For a few years now I’ve been watching tablets develop into ever more potent machines, with an eye towards making the jump from a laptop to a slate for my mobile workstation. Sure, people have been working on iPads for years, but until recently it’s always seemed like a bit of a hack to me.
Regular backups are often the only thing that can save your bacon when a hard drive failure or otherwise catastrophic PC meltdown occurs. If your files go poof, they're gone forever unless you've safely stashed copies elsewhere.
You would ideally have at least two back-ups: one kept at home and one stored off-site—a feat that’s easily done with cloud solutions like Backblaze or CrashPlan. There are also various kinds of back-ups you can do like system images that include your files and an OS backup.
But today we’re going to focus on a trio of free, automated tools to back up just your personal files to an external hard drive or other PC—because that’s really the most critical stuff you want to save. PCs and their operating systems can be replaced, but treasured photos of your kids or accounting documents? Not so much.
Lately, I’ve noticed quite a few stories and discussions online centering around the always popular debate about whether to use IMAP or POP3 for email. If you don’t know what I’m talking about, IMAP and POP3 are the protocols you use to access email via clients like Outlook, Thunderbird, or Android's stock email app.
The general consensus is that the more modern IMAP is the way to go and the aging POP3 standard should be abandoned at all costs.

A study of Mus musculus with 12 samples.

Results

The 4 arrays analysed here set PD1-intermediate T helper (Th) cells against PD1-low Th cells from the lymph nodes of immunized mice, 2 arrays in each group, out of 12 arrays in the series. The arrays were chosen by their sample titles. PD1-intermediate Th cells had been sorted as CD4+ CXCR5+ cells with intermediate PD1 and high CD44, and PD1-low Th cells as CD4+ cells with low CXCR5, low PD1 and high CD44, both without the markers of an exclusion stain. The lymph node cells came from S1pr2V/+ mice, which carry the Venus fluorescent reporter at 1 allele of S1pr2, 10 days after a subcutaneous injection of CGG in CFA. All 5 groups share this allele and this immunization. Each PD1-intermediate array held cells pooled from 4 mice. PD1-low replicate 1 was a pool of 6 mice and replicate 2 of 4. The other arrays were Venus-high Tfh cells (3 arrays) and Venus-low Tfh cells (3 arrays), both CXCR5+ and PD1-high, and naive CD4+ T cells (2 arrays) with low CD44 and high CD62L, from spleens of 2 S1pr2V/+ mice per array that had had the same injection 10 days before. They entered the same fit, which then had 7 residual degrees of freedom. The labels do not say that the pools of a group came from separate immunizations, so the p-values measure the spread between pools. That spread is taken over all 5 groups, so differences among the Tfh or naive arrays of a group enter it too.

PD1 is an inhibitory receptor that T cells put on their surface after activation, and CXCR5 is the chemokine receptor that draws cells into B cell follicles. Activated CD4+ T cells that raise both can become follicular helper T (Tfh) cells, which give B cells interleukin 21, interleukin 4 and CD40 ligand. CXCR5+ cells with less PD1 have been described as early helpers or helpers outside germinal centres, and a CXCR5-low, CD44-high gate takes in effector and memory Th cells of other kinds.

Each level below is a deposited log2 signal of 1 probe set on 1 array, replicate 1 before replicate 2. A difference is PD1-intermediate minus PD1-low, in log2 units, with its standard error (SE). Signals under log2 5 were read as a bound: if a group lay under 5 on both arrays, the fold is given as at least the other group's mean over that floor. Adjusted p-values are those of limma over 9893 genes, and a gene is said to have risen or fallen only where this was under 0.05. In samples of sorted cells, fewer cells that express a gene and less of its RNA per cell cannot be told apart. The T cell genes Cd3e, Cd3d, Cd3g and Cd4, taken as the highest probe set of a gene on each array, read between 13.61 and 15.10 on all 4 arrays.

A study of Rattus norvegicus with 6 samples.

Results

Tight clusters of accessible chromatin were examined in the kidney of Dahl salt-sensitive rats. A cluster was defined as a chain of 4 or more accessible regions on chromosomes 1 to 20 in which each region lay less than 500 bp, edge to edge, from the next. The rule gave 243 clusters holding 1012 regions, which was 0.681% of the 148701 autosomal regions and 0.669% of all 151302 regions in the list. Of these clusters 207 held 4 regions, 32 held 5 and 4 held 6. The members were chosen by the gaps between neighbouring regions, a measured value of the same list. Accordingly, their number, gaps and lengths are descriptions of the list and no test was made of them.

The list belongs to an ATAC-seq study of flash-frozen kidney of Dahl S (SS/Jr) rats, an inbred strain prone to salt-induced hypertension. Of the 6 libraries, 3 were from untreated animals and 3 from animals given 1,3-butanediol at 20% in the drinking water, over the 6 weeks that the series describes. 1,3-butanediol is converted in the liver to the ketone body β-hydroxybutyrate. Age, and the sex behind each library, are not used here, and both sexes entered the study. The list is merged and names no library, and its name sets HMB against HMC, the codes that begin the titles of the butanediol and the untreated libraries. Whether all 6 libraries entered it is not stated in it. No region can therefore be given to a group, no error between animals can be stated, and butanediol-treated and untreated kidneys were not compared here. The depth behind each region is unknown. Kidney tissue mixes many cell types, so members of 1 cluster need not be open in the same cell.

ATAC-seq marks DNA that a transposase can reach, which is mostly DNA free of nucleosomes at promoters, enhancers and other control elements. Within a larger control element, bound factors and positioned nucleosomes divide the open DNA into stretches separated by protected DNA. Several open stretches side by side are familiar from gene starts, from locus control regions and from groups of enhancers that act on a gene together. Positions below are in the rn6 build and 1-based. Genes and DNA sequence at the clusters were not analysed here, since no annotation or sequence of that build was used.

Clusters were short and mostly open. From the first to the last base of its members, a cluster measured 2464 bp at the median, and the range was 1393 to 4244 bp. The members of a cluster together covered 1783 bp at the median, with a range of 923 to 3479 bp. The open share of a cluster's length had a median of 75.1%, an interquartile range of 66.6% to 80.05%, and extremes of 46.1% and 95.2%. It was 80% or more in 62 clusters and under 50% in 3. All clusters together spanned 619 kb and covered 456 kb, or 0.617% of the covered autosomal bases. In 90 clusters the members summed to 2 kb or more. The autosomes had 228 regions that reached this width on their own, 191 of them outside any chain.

But that’s just not the case. In fact, I am going to point out two very good reasons to go on using POP3, or perhaps even actively switch to it.
The easiest way to operate your PC is with your hands whether you're navigating a touch screen, or using a mouse and keyboard. But for some people that's just not possible, especially when it comes to typing.
Maybe you broke your finger or you suffer from a repetitive strain injury that makes typing impossible. Or perhaps you simply want to get work done while running on a treadmill.
But just because you can't type doesn't mean you can't create documents. All you need is a microphone for your PC and Microsoft Word to take the stress off your hands and start using your voice.
Even in this time of Twitter, Tumblr, and Facebook many people argue you need your own online presence with a personal or professional website. Having your own website gives you a place to represent you that is under your complete control.
Here are three free services that can help you create a website. By default, they all direct your newly created site to a generic domain name, but all three also let you use your own purchased website name if you choose.